Also known as the 1st Kuban Horse Regiment.

A slightly different unit of the Kuban Host, recruited from Kuban Cossacks, renamed in honour of General Kornilov.

Kornilov Horse Regiment

Trooper Pod-poruchik (2nd Lieutenant)

The basic uniform started out as a standard Kuban outfit. It was modified with black trim in mid-1918, and in Spring 1919 the white hats were made formal issue.

Uniform Details

Shoulderboards: Sotnik (Lieutenant) Shoulderboards: Kazak (Trooper) Original officer's hat, and extra "mourning" version March 1919 hats: private, NCO and officer

In August 1918 (or thereabouts) it was decided to honour Kornilov by adding black mourning markings to this unit. The usual Kuban red shoulderboards were edged in black. A black letter "K" (for Kornilov, not Kuban) was added and all ranks markings were changed to black. Officers braid was still silver.

The trouser stripe was also made black. Officially a sloping white stripe, silver for officers, was added to the front of the normal Kuban papakha (which could be any colour). Some officers took the black/red theme a bit further, and replaced the silver braid on their hat tops with black as well.

In March 1919 the uniform was revised. The shoulderboards remained as before with a red base, and with the letter K, piping around the outside, stars for officers and cotton strips for NCOs all in black. The black trouser stripes too remained. However the papakha changed to a small all-white version, with white top. NCOs had a cross of two stripes in black, whereas officers had four stripes.

The men attempted to get black cherkeskas and retained the usual Kuban red bashlyks to complete the red/black theme.

History in the RCW

Originally the Kuban Horse Divizion, formed during the Kuban Ice March, it had become the 1st Kuban Horse Regiment by the end of March 1918. It was formed from Cossacks from all over the Kuban, so had no Imperial tradition to fall back on. By June 1918 it was up to 510 sabres, with 4 MGs.

During the Second Kuban March the Volunteer Army gained another unit of the same name when it absorbed a local partisan group, so in August Colonel Naumenko asked that his version be renamed to honour the most famous name of the White cause. It fought that campaign as part of the 1st Horse Division.

In April 1919 it had only about 200 sabres, a small tachanka command and some attached artillery.

It fought with the Caucasian Army after this, taking heavy losses. In October 1919 it was part of the 3rd Kuban Cossack Division. Even after having several smaller units merged into it the regiment still numbered only 334 sabres and 21 MGs. It took even more losses during the retreat back the Kuban.

In April 1920, now part of the Kuban Army, the bulk of the unit surrendered to the Reds in Adler.

By July 1920 sufficient men had made it to the Crimea that it was reformed as a divizion and then a regiment in the 1st Kuban Division. It took part in the Kuban raid under General Ulagay.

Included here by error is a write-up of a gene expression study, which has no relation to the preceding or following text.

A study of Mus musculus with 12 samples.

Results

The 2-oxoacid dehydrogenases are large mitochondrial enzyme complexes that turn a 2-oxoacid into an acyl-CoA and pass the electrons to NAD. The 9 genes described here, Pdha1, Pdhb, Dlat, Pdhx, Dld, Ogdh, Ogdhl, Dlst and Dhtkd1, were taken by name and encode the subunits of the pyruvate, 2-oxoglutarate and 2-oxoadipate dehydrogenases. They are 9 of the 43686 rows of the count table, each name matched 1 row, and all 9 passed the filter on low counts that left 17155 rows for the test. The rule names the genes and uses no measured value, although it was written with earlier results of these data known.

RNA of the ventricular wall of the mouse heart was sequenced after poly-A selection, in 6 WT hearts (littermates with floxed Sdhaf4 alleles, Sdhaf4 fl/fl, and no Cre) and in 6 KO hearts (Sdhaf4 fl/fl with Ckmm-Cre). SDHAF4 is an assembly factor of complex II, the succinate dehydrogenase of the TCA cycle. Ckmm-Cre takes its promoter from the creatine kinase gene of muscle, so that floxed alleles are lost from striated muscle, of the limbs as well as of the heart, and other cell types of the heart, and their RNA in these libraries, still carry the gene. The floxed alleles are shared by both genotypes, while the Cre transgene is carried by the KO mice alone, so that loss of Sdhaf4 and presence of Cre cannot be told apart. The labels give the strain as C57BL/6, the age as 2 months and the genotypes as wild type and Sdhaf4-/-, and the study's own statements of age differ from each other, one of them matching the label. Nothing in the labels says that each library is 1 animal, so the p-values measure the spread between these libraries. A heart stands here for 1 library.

During the last campaign into the Northern Tauridia, still part of the 1st Kuban Division, it numbered 300 men and 16 MGs.

Its commanders included some of the more famous names in the White cause: Colonel G. Ya. Kosinov (to May 1918), Colonel V. G. Naumenko (to August 1918), Lt-Colonel Colonel Ermoleno (to September 1918), Colonel Fedenko (killed September 1918), Lt-Colonel then Colonel N. G. Babiev (to January 1919), Captain then Lt-Colonel F. I. Eliseev (to June 1919), Colonel Golovin (to April 1920) and Lt-Colonel Bezladniy (April 1920). The reformed unit was commanded by Colonel Makeev during the Tauridia operation.

This unit bore no relationship with the famous Kornilov Infantry Regiment (later, Division). That unit grew to include some cavalry elements, but they were entirely separate and not Cossack.


In September Ataman Filimonov gave the newly named Kornilov Horse Regiment a regimental colour granted by Emperor Aleksandr I in 1803 to Black Sea Cossacks (most members of the unit were in fact recruited from Black Sea Cossacks). I can't see this flag being carried in battle though.

The battlefield regimental flag was:

Kornilov cavalry flag

There is a drawing, presumably from a member of the unit, showing it being at the front in a charge.

The usual Kuban sotnia guidons also gained a wide black "mourning" stripe. Below are those for the first and fourth sotnias (squadron colours being red, blue, white, green, yellow and brown in order).

Kornilov sotnia flags

All flags had black horse tails attached to the poles as well, in the ancient Cossack tradition.


F. I. Eliseev wrote quite a large book on this unit, With the Kornilov Horse.

The Kornilov Horse Regiment of the Kuban Cossack Host, by A. I. Deryabin, from Tseikhgauz issue 6. (This material is largely repeated in Deryabin's book on the Whites, and is mostly taken from Eliseev.)